Tributes have been paid to former Belfast Telegraph journalist and author Chris Ryder, who has died aged 73.
It's understood he had been ill for some time, and was being cared for in the Northern Ireland Hospice.
In a long and distinguished career, Mr Ryder had also worked for national UK titles, including the Sunday Times and the Daily Telegraph.
His wife Genny broke the news on social media.
Posting on her husband's Twitter account, she wrote: "I'm sad to tell you Chris died last night, peacefully and pain free after a short illness.
"He was looked after with exemplary care at the NI Hospice. Cremation will be private."
Mr Ryder lived in Carryduff and was the author of books on the RUC, the UDR and the NI Prison Service.
Senior journalists paid tribute to their former colleague.
Former Press Association Ireland Editor Deric Henderson told the Belfast Telegraph: "Chris was a great journalist.
"He was here from the start of the Troubles.
"He was very diligent, very well-regarded - a good old-fashioned hack, always on the lookout for a story.
"Chris was old school - a Fleet Street man to his fingertips."
Belfast Telegraph Editor-at-Large Gail Walker paid tribute, saying: "Northern Ireland has lost one of its finest journalists.
"Even when ill, Chris wrote important, courageous and sparkling copy for the Belfast Telegraph." Columnist Malachi O'Doherty said he had been saddened by news of Mr Ryder's death.
"I worked alongside Chris in 1972, first when he would bring a barrel of beer from the Ulster Brewery to our staff party at the Sunday News, and later when he was freelancing," Mr O'Doherty recalled.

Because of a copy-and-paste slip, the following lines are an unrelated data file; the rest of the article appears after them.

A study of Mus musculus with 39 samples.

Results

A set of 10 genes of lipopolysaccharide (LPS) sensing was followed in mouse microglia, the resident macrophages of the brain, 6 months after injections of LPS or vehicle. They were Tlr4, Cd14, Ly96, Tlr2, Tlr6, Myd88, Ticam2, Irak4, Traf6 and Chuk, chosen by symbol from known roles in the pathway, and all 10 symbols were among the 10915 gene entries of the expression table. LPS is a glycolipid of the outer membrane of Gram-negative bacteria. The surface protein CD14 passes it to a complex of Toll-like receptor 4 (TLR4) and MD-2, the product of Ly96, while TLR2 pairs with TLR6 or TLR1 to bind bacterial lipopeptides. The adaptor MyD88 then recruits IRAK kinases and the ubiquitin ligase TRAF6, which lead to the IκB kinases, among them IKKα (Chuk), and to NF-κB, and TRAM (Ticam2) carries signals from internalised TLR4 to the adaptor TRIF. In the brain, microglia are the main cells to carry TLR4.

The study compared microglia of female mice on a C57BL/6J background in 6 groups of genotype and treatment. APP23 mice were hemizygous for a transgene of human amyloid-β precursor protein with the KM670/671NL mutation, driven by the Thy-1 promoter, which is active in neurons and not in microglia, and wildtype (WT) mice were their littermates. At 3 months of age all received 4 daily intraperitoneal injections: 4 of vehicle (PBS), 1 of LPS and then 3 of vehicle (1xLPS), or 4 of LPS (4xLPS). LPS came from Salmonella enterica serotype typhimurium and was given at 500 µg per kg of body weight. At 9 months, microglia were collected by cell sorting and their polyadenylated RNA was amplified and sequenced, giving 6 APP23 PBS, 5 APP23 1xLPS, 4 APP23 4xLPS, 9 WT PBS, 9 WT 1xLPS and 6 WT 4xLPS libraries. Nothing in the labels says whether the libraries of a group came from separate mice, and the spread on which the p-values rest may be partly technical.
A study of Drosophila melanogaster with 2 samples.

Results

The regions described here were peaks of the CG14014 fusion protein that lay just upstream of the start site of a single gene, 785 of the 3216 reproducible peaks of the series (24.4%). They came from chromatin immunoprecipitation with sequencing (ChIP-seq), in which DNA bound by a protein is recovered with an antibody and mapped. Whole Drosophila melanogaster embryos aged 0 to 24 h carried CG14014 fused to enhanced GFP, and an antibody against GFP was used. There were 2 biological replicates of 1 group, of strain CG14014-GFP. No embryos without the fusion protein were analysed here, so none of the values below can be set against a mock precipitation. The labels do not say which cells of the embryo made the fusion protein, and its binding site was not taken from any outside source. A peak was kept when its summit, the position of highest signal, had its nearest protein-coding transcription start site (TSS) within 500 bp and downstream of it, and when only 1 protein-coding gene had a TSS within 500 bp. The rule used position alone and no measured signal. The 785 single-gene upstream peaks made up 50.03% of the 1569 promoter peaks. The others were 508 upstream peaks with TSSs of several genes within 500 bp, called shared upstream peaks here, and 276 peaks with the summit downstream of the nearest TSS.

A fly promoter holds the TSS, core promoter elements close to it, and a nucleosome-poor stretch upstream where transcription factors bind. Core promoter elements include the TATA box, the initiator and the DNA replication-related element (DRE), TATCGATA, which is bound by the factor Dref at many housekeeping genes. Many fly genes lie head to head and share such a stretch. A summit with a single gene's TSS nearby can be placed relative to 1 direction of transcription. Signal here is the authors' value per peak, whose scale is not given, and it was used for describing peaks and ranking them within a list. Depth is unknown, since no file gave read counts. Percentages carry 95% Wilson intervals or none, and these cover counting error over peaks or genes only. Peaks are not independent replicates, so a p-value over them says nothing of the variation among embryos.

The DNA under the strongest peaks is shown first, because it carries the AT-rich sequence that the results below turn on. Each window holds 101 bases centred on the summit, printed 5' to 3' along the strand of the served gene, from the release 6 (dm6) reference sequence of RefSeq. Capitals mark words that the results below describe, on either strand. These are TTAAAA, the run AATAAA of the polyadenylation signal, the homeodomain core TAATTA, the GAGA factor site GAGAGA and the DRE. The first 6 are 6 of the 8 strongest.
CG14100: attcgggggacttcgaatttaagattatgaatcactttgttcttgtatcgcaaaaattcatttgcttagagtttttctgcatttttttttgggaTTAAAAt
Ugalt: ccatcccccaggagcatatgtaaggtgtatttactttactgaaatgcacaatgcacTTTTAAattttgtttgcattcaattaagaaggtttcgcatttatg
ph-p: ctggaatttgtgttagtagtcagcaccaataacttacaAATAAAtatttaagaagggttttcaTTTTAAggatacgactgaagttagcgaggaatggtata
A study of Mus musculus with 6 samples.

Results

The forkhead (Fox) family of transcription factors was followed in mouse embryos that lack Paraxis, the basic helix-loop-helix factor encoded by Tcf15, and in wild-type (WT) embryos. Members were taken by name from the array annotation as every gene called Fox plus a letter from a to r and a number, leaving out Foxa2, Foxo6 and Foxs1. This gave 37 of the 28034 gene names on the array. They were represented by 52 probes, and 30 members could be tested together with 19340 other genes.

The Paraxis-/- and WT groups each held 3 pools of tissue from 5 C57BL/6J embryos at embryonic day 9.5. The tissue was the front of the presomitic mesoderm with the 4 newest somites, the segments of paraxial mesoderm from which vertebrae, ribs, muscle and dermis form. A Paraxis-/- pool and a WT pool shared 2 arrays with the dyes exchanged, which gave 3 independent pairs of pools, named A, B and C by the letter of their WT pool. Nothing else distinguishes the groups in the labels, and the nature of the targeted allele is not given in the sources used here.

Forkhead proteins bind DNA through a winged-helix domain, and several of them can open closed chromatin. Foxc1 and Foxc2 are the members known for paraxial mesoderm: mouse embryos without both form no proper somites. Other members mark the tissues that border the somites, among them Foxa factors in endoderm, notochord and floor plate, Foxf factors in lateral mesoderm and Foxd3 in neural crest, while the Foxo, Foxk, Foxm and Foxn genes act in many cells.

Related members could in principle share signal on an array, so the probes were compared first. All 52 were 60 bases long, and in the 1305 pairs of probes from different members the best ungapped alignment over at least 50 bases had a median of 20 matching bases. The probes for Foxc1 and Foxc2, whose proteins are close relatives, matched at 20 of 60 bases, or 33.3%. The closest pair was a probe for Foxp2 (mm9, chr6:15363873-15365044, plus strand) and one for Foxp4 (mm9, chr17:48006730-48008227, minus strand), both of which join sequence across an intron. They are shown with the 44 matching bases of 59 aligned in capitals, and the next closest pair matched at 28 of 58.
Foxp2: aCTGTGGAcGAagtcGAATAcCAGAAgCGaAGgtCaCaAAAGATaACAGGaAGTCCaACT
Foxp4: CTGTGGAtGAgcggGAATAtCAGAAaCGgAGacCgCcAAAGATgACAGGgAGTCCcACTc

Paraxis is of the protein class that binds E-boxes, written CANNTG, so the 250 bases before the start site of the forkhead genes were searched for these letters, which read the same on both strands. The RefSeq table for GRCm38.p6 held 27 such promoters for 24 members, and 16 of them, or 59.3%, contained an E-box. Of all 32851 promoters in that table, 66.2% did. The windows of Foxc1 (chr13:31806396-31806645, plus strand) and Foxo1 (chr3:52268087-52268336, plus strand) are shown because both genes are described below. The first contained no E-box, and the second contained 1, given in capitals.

UTV political editor Ken Reid described Mr Ryder as a "major figure in Irish journalism" while Nicholas Watt, political editor of BBC Newsnight, said: "Chris Ryder was one of Northern Ireland's most remarkable journalists with an exceptional understanding of politics and security.
"Chris was very generous with his time when I pitched up at the age of 26 towards the end of the Troubles."
Victims campaigner Ann Travers said: "Chris was an absolute gent, and so wise.
"He showed kindness to me at a time when I found life very tough."
The late newsman, who served as a member of the Police Authority between 1994 and 1996, wrote several books on the history of the security forces in Northern Ireland, including The RUC 1922-2000: A Force Under Fire, as well as The Fateful Split: Catholics and the Royal Ulster Constabulary.
Mr Ryder also penned The Ulster Defence Regiment: An Instrument of Peace, and - with another former Belfast Telegraph journalist, Vincent Kearney - wrote Drumcree: the Orange Order's Last Stand.
Mr Kearney said Chris Ryder was "fantastic company" and "would be very sadly missed".